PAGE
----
The Free Press Editorial
If ever there was an example of the effectiveness of the Amber Alert system, the incident last week is it.
Missing three-year-old Alvin Barnett was found safe, in another country, just 15 hours after he went missing, because a resident of Whitefish, Montana, had seen the Amber Alert and contacted police.
The problem with the Amber Alert system is it's just not enough.
Amber Alert literally means "America's Missing: Broadcasting Emergency Response," although it was originally named for Amber Hagerman, a 9-year-old who was abducted and murdered in Arlington, Texas, in 1996.
Generally the masses do not understand that very specific criteria must be met before police can issue an Amber Alert.
Police must believe a child under the age of 18 has been abducted and have descriptive information about the child, the abductor, or the vehicle. It routinely takes hours to establish these facts.
Without these guidelines police would issue alarms every day, for runaways or for kids who forgot to tell their moms they had basketball after school. Highway signs, newspaper websites and radio broadcasts would be flooded. Amber Alerts would mean nothing.
It was lucky for Alvin’s family that the police determined that this case met all the criteria to allow them to issue an Amber Alert, and that this was determined so soon after he was reported missing. It’s not always the case that it is issued when a child is suspected to have been abducted by a family member. However, for whatever reason, the police believed Alvin was in danger, and therefore met the criteria.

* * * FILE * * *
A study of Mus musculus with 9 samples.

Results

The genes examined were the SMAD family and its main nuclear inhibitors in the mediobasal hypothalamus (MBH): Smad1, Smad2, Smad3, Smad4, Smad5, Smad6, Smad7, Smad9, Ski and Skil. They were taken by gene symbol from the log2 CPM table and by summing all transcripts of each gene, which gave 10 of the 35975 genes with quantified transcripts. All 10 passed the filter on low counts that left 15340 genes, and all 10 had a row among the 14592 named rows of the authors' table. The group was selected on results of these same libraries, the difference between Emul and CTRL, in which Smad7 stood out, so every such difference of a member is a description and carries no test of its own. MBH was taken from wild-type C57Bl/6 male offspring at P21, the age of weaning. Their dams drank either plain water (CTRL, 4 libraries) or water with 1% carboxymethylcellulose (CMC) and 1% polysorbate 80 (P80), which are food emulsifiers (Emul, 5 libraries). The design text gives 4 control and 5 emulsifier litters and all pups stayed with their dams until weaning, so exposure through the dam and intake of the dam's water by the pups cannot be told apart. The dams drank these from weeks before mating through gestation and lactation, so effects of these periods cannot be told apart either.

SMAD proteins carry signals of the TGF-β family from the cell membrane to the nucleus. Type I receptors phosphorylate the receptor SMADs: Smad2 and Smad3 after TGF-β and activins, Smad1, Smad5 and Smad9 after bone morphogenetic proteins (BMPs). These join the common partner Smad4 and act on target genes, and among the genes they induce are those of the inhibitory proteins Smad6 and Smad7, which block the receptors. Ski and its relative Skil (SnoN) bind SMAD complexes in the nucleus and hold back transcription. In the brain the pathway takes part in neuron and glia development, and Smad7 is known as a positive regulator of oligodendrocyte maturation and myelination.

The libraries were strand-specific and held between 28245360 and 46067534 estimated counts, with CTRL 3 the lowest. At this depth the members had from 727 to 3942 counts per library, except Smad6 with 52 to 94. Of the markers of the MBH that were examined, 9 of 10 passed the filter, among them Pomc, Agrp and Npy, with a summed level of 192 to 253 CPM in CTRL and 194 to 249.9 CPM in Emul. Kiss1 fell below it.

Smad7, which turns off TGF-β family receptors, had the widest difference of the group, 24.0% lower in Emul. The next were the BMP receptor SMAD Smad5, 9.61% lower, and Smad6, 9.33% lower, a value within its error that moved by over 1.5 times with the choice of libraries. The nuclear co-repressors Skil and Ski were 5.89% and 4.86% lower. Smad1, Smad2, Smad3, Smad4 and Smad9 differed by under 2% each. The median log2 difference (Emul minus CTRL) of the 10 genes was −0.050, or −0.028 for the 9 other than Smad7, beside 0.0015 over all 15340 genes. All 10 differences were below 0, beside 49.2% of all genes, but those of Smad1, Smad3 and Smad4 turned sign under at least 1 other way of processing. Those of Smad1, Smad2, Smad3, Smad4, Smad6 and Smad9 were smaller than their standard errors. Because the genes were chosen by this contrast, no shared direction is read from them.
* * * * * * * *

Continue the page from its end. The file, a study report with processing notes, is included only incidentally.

It is rare that this all happens so quickly.
But when a police officer first responds to the report of a missing child there are opportunities to alert the public instantly, without issuing an Amber Alert.
Cops can Tweet. They can post on Facebook.
They can employ the technology that did not exist in 1996 when Amber Hagerman was snatched and killed.
When three-year-old Kienan Hebert disappeared from his home in Sparwood last year it took the law enforcement bureaucracy nearly nine hours to issue an Amber Alert.
At the community level we need permissions that allow cops to issue public alerts about missing children "from the scene."
The bodies of many abducted and murdered children are eventually recovered near their homes. They are killed soon after being taken. Amber Alerts would not help them.
An effort to provide instant, community-centric police bulletins would improve the chances for all missing children.